Francis to Congress, to the rest of the world
POPE FRANCIS delivered last Thursday a historic message before a joint session of the US Congress and, by extension, to the rest of the world. From his 3,300-word address, we have freely culled some 950 words that we share here for Sunday reading:
• SOCIAL RESPONSIBILITY: Each son or daughter of a country has a mission, a personal and social responsibility. Your own responsibility as members of Congress is to enable this country, by your legislative activity, to grow as a nation. You are the face of its people, their representatives. You are called to defend and preserve the dignity of your fellow citizens in the tireless and demanding pursuit of the common good, for this is the chief aim of all politics. A political society endures when it seeks, as a vocation, to satisfy common needs by stimulating the growth of all its members, especially those in situations of greater vulnerability or risk. Legislative activity is always based on care for the people. To this you have been invited, called and convened by those who elected you.
• RELIGIOUS FUNDAMENTALISM: All of us are aware of, and deeply worried by, the disturbing social and political situation of the world (which) is increasingly a place of violent conflict, hatred and brutal atrocities, committed even in the name of God and of religion. No religion is immune from forms of individual delusion or ideological extremism. We must be especially attentive to every type of fundamentalism, whether religious or of any other kind. A delicate balance is required to combat violence perpetrated in the name of a religion, an ideology or an economic system, while also safeguarding religious, intellectual and individual freedoms.
• REDUCTIONISM: There is another temptation that we must especially guard against: the simplistic reductionism which sees only good or evil; or, if you will, the righteous and sinners. The contemporary world, with its open wounds affecting many, demands that we confront every form of polarization that would divide it. In the attempt to be freed of the enemy without, we can be tempted to feed the enemy within. To imitate the hatred and violence of tyrants and murderers is the best way to take their place. Our response must instead be one of hope and healing, of peace and justice. We are asked to summon the courage and the intelligence to resolve today’s many geopolitical and economic crises.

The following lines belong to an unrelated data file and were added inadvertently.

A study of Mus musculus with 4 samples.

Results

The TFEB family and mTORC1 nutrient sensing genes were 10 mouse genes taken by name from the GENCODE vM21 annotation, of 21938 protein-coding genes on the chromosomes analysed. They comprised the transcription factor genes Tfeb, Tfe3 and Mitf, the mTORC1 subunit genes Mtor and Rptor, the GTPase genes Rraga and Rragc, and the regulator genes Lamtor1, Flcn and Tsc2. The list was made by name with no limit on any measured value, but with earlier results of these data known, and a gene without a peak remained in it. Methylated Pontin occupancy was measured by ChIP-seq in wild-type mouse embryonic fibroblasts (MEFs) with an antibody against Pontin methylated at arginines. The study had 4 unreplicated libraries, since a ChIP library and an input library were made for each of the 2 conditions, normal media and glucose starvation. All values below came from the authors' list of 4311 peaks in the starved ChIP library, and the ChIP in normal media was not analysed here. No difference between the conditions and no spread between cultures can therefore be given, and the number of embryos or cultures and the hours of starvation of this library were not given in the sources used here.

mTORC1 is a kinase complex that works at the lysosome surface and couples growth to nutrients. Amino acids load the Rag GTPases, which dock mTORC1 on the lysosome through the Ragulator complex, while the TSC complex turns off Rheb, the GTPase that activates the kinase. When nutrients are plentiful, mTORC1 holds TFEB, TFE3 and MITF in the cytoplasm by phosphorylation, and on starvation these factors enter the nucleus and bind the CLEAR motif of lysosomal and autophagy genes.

• IMMIGRATION: Millions came to this land to pursue their dream of building a future in freedom. We, the people of this continent, are not fearful of foreigners, because most of us were once foreigners. I say this to you as the son of immigrants. Tragically, the rights of those who were here long before us were not always respected. Those first contacts were often turbulent and violent, but it is difficult to judge the past by the criteria of the present. Nonetheless, when the stranger in our midst appeals to us, we must not repeat the sins and the errors of the past. We must resolve now to live as nobly and as justly as possible.
• REFUGEE CRISIS: Our world is facing a refugee crisis of a magnitude not seen since the Second World War. On this continent, too, thousands of persons are led to travel north in search of a better life for themselves and for their loved ones, in search of greater opportunities. Is this not what we want for our own children? We must not be taken aback by their numbers, but rather view them as persons, seeing their faces and listening to their stories, trying to respond as best we can to their situation.
• POVERTY: Keep in mind all those people who are trapped in a cycle of poverty. They too need to be given hope. Poverty and hunger must be fought constantly and on many fronts, especially in the causes. Part of this great effort is the creation and distribution of wealth. The right use of natural resources, the proper application of technology and the harnessing of the spirit of enterprise are essential elements of an economy seeking to be modern, inclusive and sustainable. Business, directed to producing wealth and improving the world, can be a fruitful source of prosperity for the area where it operates, especially if it sees creation of jobs as an essential part of its service to the common good.
• THE ENVIRONMENT: This common good also includes the earth, a central theme of the encyclical (Laudato Si’) that I recently wrote to “enter into dialogue with all people about our common home”. The environmental challenge and its human roots concern and affect us all. In Laudato Si’, I call for a courageous and responsible effort to “redirect our steps”, and to avert the most serious effects of the environmental deterioration caused by human activity.
• ARMED CONFLICT: Being at the service of dialogue and peace also means being determined to minimize and, in the long term, to end armed conflicts throughout our world. Why are deadly weapons being sold to those who plan to inflict untold suffering on individuals and society? Sadly, the answer is simply for money — money that is drenched in blood, often innocent blood. In the face of this shameful and culpable silence, it is our duty to confront the problem and stop the arms trade.
• THE FAMILY: How essential the family has been to the building of this country! And how worthy it remains of our support and encouragement! Yet I cannot hide my concern for the family, which is threatened, perhaps as never before, from within and without. Fundamental relationships are being called into question, as is the very basis of marriage and the family. Most vulnerable (are) the young. For many of them, a future filled with countless possibilities beckons, yet so many others seem disoriented and aimless, trapped in a maze of violence, abuse and despair. We need to face (the problems) together, to talk about them and to seek effective solutions.